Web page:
This week's inflation data are in the limelight. The latest round of readings supports the Czech koruna and the Hungarian forint positive outlook but hurts the greenback as the annual rate of inflation in the US has seemingly peaked.
Forint and the Czech koruna under the protection of central banks
Inflation in Hungary slowed down in July from 5.3 to 4.6% y/y. However, the relief is probably temporary and is a result of last summer's reopening of the economy (after the lifting of restrictions, the prices of some goods and services jumped). However, the rise in prices is unlikely to yield, and the central bank will not lose its determination to raise interest rates. Besides, even after inflation has retreated below 5%, its dynamics exceeds the short-term forecasts of the monetary authorities.
On the other hand, in the Czech Republic, data for July were much higher than market forecasts and central bank projections. What is more, for the first time in almost a year the CPI dynamics went beyond the upper deviation of the range accepted by the CNB (it reached 3.4% y/y, while the acceptable range is 1-3%). The Czech monetary authorities are not becoming indulgent to the risks of strong price growth either. After all, CEO Jiri Rusnok recently became famous by saying that he fears inflation more than the next wave of a pandemic. The CNB announced at last week's meeting that three more rate hikes can be expected this year, pushing the cost of money up to 1.5%. There have even been claims that a more radical move (than 25 bps) may be needed. The latest data are, of course, water for the mill for the faction calling for bolder tightening. As a result, in recent weeks the Czech koruna and the forint have been surrounded by a protective umbrella in the form of monetary policy, the restrictiveness of which beats even exaggerated expectations. We expect the EUR/CZK to slide towards 25.00 and the EUR/HUF to remain under 360.00.
Inflation is high but under control
In July, US consumer prices were 0.4% higher than a month earlier. Core inflation recorded a more modest jump than expected (0.3% month-on-month). The annual growth rates were 5.4 and 4.3%, respectively (compared to the June readings of 5.4 and 4.5% year-on-year). At last, prices of second-hand cars stopped rising sharply, clothing did not become more expensive, and airline tickets became cheaper. Many categories of goods and services rose at the same pace or faster than a month ago. This may mean that the peak of inflationary strength is behind us, but now price pressures will be more widespread, being seen in an increasing number of categories. It is important to separate the short-term reaction from the longer-term implications that can be found in yesterday's data. The dollar lost momentum after the data, as it was rallying hard after the latest employment report, which may have sparked confidence that inflation driven by demand and not just pandemic disorder will accelerate sharply again.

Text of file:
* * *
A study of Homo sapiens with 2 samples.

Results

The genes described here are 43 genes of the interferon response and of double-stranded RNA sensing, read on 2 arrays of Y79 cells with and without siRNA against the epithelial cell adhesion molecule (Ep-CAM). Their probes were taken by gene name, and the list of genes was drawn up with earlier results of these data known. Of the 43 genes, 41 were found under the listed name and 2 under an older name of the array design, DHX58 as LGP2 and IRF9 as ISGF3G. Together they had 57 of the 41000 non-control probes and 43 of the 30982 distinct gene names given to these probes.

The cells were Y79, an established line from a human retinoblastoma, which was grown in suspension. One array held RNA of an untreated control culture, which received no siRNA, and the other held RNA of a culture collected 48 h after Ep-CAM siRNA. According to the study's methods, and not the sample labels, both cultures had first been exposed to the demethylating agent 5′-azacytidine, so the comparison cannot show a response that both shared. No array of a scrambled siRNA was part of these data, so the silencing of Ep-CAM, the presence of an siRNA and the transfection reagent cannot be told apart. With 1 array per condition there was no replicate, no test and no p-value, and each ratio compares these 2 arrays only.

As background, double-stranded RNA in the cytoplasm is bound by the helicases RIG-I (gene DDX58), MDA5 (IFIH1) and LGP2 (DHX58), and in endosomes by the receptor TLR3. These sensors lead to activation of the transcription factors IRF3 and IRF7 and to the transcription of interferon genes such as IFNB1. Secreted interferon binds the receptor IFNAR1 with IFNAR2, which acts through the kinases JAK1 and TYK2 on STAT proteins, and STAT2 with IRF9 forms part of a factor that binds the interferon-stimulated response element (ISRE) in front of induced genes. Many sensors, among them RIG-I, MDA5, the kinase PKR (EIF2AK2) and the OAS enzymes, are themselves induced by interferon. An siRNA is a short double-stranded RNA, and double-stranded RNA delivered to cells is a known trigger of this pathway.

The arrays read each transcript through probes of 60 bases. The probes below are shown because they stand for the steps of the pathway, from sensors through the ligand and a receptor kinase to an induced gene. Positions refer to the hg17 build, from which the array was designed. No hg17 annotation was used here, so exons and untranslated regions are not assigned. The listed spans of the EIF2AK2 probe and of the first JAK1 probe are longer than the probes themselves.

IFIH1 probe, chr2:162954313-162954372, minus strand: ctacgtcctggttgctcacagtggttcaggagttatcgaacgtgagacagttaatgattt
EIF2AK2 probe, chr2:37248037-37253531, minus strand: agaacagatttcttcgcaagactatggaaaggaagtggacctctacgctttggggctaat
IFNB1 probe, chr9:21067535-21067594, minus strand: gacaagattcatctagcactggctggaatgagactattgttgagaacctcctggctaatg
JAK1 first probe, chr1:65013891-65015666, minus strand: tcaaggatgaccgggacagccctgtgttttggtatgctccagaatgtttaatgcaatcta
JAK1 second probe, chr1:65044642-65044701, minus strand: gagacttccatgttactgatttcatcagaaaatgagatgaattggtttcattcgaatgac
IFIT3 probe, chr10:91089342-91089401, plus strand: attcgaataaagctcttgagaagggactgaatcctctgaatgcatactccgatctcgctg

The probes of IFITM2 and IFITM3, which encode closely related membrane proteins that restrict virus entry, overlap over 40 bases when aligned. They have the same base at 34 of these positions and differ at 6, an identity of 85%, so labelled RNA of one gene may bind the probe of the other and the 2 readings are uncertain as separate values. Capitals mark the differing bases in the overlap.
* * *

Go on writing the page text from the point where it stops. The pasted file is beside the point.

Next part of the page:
The truth is that the fate of quantitative easing is practically decided. The economy has recovered from the pandemic collapse, and the labour market is on track to recover and restore the jobs lost during the pandemic. The phasing out of asset purchases has been a hot topic for months. Investors have had a chance to get used to it; there will be no shock like the one in 2013. This also means that the positive impact of this factor on the US currency should be limited. What will be much more important for the dollar's prospects is when the Federal Reserve will decide to start raising interest rates. That, in turn, will depend on inflation, but not how strong its shot is now, but its persistence in the year ahead. Yesterday's reading adds little in this area. If one is tempted to make any assessment, one can say that it does not throw off the Federal Reserve's argument for the thesis that price pressures will die down. We are of the opinion that the dollar has exhausted its potential for appreciation, and the Federal Reserve will dampen hopes for a quick move in the rates. As a result, the US currency should face weakening. We forecast that the EUR/USD will return closer to 1.20 in Q4.